Summary: What is Homophily? How does it affect us? and how can we fight it?
Image courtesy: gapingvoid.com
It’s interesting how sometimes the world conspires to bring something in front of your eyes. After getting this cartoon from gapingvoid’s exquisite newsletter few days back, -along with the quote- I remembered an interesting article I read on conformity and deviance.
At meetings the members of the group adopt a soft line of criticism, often even on their own thinking. People are positive and seek harmony on issues, with no conflict to spoil the “we” atmosphere.
This is what we usually refer to as Group-think. And it has been proven that it is symptomatic of lesser creativity in the workplace. Does this mean that a group needs to be heterogeneous for innovation to be catalyzed? Yes, to some extent, but not entirely.
If members join the group and have nothing in common at all, then obviously joint action will be impossible
The equilibrium between conformity and deviance needs to be reached, so that the job could be “done” in a rather “innovative and creative” way. But as any balance, it is difficult to hold. We human are built to evolve in small groups (what we call in graph theory clusters or cliques) looking for familiarity, safety and intimacy. Sociologists coined “homophily” to describe such phenomenon.
Homophily (i.e., love of the same) is the tendency of individuals to associate and bond with similar others. – Wikipedia
What is interesting about Homophily is that although it’s intuitive, it can do us more harm than good. In a compelling article, Ethan Zuckerman states that being part of a social circle of similar others “has a tendency to isolate us from certain pieces of information. At the same time it tends to fool us into believing that we have a complete picture of things when we don’t”.
Combine this with the fact that a big percentage of our knowledge today comes from social Networks and you’ll know how powerful and dangerous Homophily has become. The thing is, just like group-think (which is a consequence of Homophily) innovation is hindered by the lack of diversity.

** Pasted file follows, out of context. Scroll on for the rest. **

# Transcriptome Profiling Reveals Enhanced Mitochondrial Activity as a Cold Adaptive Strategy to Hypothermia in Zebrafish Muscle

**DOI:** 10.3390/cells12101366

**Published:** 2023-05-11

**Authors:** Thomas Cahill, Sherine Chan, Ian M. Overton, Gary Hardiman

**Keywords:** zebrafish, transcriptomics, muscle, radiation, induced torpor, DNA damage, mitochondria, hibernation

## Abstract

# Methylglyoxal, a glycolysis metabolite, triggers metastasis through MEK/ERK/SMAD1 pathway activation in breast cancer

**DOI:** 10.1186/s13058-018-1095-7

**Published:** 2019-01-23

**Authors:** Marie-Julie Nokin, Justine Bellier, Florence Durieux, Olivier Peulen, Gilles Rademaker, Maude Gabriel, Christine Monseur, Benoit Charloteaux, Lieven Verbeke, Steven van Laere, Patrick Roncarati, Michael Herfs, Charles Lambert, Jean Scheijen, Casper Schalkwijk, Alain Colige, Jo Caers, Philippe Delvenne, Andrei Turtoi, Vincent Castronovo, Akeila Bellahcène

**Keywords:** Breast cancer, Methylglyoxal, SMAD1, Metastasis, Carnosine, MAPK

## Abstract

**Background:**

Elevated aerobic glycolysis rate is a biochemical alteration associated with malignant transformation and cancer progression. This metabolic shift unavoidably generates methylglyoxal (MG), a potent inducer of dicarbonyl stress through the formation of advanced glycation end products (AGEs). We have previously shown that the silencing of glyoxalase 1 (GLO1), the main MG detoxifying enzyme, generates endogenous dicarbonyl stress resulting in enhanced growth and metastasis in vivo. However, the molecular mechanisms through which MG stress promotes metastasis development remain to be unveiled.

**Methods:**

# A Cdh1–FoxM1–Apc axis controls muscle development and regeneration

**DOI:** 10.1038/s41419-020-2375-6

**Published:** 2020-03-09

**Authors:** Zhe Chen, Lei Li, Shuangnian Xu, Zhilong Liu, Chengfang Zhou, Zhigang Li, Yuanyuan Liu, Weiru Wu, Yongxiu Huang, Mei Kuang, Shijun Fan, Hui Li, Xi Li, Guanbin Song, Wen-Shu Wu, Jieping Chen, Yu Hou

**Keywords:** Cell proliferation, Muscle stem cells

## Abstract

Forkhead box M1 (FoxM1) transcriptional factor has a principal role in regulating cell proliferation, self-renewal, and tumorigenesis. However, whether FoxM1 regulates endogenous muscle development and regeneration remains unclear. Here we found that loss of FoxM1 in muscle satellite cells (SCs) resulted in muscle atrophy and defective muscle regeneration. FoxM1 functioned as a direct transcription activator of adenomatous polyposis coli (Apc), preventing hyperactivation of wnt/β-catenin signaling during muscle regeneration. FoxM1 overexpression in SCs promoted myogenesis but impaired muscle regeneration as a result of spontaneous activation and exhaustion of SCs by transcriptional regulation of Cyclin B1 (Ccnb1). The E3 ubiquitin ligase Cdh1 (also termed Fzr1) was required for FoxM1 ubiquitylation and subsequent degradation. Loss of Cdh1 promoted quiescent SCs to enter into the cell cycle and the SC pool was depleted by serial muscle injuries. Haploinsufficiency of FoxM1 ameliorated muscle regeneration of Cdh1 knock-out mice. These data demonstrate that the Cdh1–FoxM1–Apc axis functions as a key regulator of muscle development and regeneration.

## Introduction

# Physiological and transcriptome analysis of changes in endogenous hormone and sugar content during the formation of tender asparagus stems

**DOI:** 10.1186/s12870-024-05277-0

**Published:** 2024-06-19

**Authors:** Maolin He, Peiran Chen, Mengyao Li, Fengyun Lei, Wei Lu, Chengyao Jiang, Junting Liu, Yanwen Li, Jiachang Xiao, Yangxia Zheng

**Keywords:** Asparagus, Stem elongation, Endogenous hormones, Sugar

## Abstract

One needs always to challenge the barriers of his thoughts and avoid flocking to similar people. A good way to start would be by:
– Being counterintuitive in your readings. We have the tendency to enjoy reading what validates our mental models. Try reading from all currents of thoughts, you never know how new ideas can be jolted and it sure is a good way to discover preconceived ideas you may have.
– Diversifying your social contacts. If you’re a techy, look for literature, physics, teaching… buddies. One thing we’ve learned from academia is that the lines between disciplines are way more blurry than we think. Raise chances for serendipity.
– Always challenging the status quo. If you’re satisfied with the way things go, know that you’ve contracted the birds-of-a-feather-flock-together syndrome. Quick, you need remedy!
– Rethink, Rework, Evaluate. Whenever an “eccentric” idea hits your radar (from external or internal sources) fight the urge of blocking it right away. Rethink the issue in all its aspects, rework the idea to make it fit your context, apply and then evaluate so you can enhance your system.
– Exposing yourself, Don’t give in to your lizard brain. Fight that urge to be part of the herd and to take the 0 risk path. Rather expose yourself! It is only by taking such risk that one can make a step further and hopefully innovate.
I’m sure there a lot of other ways to fight Homophily, but one thing is sure, Christopher Morley does a good job summarizing them:
- Read, every day, something no one else is reading. Think, every day, something no one else is thinking. Do, every day, something no one else would be silly enough to do. It is bad for the mind to be always part of unanimity.